The physical decline that marks the aging process is generally taken, if never fully accepted, as part of the game. Now into my seventy-second year, I grouse about and lament the inevitable losses to the dictates of time. What’s come as a total surprise is a growing awareness that the narrative constructs that provided the foundation for what I can only call my “self” have begun crumbling.
The narratives we create to explain our selves to ourselves are dynamic structures, organic in their lifelike mutability. We process what we think know of ourselves, of our lives and our relations with the world, all of it an evolving storyline that we conjure up in real time. We become the story of ourselves. The title of the Elvis Costello song, “Every Day I write the Book,” may be the closest take on how we internalize and explain our own story to ourselves.
Part of what we do in constructing, integrating and revising these interior novels or movies, the leading role is always reserved for you know who, is to create an acceptable self, one we can live with. We rationalize, we explain our experiences, our weaknesses, our vices, our virtues and our desires until we find an acceptable way of carrying on in our interactions with both objective and subjective reality. The measure of success in playing your own tale to yourself may be like the taste of the pudding, how well does it go down? How well does it allow you to go on, to forgive yourself after the losses of innocence? How well does it permit you a viable life in the face of your own shortcomings, betrayals, defeats and more dangerously problematic, your successes.
A viable working narrative of one’s life has to be rooted ultimately in a humility that allows you to walk that razor’s edge between the extremes of over-reaching delusions of singularity and debilitating states of worthlessness and self-loathing. A sustaining, self-correcting narrative is one that reasonably can handle the seductions of achievement while also letting you pick yourself up after the ego-punishing drubbings that every life encounters. The humility required for a humane personal narrative of one’s life is not the false humility of self-effacement, but a humility rooted in as rigorous an honesty as you are humanly capable of honoring.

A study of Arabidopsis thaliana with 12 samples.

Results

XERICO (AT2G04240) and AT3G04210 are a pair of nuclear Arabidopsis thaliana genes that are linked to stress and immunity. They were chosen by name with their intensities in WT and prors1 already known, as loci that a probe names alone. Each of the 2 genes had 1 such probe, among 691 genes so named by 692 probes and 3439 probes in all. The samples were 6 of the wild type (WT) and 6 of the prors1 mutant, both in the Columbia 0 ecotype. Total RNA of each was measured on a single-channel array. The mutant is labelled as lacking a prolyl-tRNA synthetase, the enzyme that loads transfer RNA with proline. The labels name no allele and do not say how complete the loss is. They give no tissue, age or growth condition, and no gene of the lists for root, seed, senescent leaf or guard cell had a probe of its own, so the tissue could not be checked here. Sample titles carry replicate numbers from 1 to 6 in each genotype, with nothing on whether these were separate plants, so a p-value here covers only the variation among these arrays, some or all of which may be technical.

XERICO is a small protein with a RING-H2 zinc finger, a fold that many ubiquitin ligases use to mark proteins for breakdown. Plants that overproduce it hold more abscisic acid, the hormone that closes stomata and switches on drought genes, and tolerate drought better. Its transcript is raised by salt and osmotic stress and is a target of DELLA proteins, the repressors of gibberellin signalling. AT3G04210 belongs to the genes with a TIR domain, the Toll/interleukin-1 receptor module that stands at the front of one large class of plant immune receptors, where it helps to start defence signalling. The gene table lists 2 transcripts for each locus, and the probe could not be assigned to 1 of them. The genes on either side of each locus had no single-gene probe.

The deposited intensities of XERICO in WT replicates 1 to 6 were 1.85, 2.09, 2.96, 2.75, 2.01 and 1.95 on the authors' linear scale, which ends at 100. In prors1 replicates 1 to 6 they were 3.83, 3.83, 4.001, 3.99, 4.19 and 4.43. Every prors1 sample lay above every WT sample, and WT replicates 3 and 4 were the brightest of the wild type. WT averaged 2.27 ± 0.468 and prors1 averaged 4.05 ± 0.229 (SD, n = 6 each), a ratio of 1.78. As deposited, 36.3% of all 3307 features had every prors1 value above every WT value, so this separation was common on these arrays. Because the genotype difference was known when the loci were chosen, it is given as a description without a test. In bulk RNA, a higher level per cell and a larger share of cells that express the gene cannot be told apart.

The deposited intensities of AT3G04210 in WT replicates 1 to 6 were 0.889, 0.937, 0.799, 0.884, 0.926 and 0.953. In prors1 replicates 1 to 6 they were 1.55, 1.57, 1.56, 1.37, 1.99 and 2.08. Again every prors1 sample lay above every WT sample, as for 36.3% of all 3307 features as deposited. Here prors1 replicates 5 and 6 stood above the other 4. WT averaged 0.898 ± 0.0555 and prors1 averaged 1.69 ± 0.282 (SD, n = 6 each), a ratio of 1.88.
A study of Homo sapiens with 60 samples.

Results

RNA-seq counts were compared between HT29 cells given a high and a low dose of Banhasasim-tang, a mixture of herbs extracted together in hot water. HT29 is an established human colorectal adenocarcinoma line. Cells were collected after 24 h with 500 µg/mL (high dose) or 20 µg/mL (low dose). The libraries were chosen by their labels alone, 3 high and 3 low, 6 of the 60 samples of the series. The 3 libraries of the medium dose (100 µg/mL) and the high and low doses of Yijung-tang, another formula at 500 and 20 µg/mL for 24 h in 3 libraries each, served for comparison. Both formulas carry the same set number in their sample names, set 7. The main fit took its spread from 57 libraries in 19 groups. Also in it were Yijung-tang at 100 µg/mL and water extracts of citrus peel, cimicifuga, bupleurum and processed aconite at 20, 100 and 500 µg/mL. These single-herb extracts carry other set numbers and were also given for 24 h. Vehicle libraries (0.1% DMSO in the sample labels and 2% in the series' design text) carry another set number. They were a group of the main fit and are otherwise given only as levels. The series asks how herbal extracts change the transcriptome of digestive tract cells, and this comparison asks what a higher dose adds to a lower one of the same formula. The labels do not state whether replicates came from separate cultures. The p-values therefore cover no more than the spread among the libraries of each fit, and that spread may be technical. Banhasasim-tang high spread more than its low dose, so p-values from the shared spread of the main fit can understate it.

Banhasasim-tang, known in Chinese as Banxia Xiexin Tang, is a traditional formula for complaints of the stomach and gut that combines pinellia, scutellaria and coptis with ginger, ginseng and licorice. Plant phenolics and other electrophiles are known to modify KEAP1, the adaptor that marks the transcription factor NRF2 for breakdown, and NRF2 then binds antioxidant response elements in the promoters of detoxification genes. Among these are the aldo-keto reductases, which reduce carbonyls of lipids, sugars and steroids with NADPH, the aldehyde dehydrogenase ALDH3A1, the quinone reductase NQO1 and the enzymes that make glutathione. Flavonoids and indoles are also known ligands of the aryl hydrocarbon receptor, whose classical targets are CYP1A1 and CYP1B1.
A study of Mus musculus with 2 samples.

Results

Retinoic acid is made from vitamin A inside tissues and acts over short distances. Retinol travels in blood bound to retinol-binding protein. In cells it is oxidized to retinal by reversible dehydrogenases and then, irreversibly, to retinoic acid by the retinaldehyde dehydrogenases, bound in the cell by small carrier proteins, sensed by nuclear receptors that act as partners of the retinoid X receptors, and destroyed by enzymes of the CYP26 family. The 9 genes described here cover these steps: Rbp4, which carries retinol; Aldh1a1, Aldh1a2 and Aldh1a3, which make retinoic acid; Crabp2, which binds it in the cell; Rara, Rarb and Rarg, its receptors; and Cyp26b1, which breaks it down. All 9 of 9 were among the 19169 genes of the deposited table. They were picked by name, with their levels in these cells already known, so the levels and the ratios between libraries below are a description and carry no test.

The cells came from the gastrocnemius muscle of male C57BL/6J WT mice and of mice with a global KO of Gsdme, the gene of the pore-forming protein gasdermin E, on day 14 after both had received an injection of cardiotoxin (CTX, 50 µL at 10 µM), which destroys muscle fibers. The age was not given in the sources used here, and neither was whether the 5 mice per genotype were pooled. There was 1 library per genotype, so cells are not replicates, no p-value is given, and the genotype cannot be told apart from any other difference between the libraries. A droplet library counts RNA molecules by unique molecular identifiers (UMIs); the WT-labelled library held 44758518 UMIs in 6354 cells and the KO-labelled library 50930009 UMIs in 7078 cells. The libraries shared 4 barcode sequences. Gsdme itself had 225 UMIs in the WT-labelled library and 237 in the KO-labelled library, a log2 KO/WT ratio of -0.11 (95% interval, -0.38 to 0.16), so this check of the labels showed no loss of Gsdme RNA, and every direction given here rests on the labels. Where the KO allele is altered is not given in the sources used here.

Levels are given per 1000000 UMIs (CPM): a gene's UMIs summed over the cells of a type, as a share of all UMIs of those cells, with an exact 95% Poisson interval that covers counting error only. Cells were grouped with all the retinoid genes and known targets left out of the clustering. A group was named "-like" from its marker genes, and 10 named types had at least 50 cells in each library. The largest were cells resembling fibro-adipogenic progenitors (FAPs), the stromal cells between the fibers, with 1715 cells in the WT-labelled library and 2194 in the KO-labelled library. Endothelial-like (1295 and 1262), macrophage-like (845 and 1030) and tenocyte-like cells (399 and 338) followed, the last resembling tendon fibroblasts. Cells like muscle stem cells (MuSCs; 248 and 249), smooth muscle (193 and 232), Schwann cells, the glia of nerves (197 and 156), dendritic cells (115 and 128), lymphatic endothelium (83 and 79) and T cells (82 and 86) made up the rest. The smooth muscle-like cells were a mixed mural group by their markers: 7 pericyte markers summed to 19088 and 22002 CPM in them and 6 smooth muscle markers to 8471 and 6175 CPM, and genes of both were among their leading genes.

By the time I realized I was living according to the novel or movie of my life that I myself had authored, I was already moving past the point where I probably no longer needed it to defend myself against the abyss. Like everyone, I’ve been tried by life and found, in many cases wanting, and in others discovered whatever virtues I might possess. My narrative for better or worse, permitted me to continue to function within the contradictory context of both continuity and change. We change over time, and our narratives change, and yet we remain the same people.
My own story of myself, like some novel I started writing and reading as a child, has begun, like memory itself, to unravel and fade within my mind. It may be that the path toward any achievable acceptance of our own temporality comes only, if indeed it comes at all, when the protective burden of our interior narrative begins to crumble and dissolve.
I will certainly be revisiting this subject.